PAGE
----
A good number of people come in the store and wonder aloud how great a job it must be to run a bookstore. The answer, in short: it’s a dream job. From here many of these same book-lovers ask how I got into the business, so here’s the history of The Bookstore Lady.
When it first occurred to me that being a bookseller would be a pretty rad way to earn a living, I was a high schooler, and I was in the very bookstore I now run. I was sitting by the window in the book loft on a rainy Saturday, looking down at the alley below. Yeah, I could do this, I thought to myself. And let’s be honest, with multiple-librarian family who dressed their only daughter as a bookworm for her first Halloween, what choice did I have?
My first bookstore gig was at Second Story Books in Dupont Circle, Washington DC. It carried only used books that were shelved and stacked in every available space and with questionable logic. We had first editions and rare copies that were locked in a series of glass cases, and each had its own set of keys, identical to all the others on one comically large key ring. I never guessed right one on the first try. I was always put on the weeknight closing shift with G–, because no one else could stand him, but I would listen to him talk about his cats.
A few years later I got a job at The Globe Corner Bookstore in Cambridge, Mass, which carried travel guides, travel literature, and maps of everywhere. The store was arranged geographically, and to this day I know where Togo is because of where it was shelved in the Africa section. We each had our specialty, and I had a lock-down on domestic and Canada travel; my coworkers were much more adventurous. Tall blond Dan played drums in Central Africa, got bed bugs, and learned traditional dances. Vegetarian Nicole nearly starved on a trip to Iceland. Sweet Lisa chased down a mugger on a train between Hungary and Romania and beat him with the purse he’d snatched.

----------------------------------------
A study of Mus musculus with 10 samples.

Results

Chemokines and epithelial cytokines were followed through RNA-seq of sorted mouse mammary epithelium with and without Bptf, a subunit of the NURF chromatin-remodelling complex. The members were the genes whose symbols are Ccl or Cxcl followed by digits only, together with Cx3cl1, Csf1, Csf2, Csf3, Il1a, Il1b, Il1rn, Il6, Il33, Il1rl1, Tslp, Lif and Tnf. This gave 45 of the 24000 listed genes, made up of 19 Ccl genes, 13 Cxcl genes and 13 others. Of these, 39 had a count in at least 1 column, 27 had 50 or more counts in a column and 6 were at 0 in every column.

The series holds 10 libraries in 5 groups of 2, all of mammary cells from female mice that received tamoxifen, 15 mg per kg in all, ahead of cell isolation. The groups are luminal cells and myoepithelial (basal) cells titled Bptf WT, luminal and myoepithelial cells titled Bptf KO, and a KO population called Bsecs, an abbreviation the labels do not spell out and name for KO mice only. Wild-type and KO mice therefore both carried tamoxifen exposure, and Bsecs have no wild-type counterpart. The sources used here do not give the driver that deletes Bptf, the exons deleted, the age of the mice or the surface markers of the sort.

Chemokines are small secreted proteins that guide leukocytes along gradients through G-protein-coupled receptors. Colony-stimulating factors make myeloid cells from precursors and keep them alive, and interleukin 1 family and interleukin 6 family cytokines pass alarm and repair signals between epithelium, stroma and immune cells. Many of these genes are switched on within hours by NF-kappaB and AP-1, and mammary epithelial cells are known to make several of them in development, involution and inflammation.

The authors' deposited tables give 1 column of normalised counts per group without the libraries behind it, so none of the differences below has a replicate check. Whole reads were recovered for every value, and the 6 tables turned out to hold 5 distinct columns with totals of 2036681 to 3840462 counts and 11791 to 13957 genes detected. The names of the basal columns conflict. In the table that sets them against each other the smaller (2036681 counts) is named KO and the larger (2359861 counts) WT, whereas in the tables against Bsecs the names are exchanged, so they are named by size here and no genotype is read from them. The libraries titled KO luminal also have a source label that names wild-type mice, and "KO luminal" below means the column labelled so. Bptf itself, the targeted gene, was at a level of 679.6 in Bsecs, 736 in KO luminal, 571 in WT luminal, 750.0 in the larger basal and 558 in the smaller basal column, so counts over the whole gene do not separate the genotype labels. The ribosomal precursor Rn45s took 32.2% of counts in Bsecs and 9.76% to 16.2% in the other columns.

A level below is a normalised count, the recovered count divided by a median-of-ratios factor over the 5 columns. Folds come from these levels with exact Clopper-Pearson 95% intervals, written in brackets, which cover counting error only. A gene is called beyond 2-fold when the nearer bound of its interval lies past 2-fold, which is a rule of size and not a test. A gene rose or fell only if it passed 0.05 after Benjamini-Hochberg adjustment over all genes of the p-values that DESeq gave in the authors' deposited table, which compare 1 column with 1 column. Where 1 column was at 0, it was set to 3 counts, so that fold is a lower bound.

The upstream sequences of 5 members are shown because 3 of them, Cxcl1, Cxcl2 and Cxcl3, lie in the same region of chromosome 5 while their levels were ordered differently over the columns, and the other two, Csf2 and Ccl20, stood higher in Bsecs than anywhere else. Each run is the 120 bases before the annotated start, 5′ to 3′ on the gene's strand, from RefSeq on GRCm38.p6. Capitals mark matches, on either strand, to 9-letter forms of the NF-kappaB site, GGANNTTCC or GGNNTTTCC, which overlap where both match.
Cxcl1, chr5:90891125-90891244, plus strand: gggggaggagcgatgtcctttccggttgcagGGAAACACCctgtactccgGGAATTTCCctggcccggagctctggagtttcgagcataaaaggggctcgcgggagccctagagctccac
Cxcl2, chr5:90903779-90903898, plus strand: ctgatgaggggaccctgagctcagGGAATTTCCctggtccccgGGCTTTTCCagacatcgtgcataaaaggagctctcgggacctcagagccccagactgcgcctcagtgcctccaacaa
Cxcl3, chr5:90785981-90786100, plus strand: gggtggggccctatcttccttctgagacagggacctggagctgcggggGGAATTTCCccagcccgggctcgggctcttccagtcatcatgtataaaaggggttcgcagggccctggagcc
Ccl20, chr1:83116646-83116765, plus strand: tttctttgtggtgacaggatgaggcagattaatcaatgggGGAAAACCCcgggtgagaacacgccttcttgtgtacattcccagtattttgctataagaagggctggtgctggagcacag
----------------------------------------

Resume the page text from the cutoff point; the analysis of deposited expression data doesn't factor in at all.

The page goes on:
When I moved to New York City I worked at PowerHouse Arena, a bookstore in DUMBO, Brooklyn that sells art books published by PowerHouse Publishing plus an eccentric collection of kids books and paperbacks for adults. All the other booksellers were really aspiring authors. My manager was from Germany and all her requests sounded like insults. The store hosted big-name authors who I smiled at from afar, and one morning when I was the only one there, Benicio del Toro bought a book of Helen Levitt’s photography.
When I moved back home to Mansfield, it seemed only natural to gravitate toward Main Street Books. I was right; it was the only possible next chapter.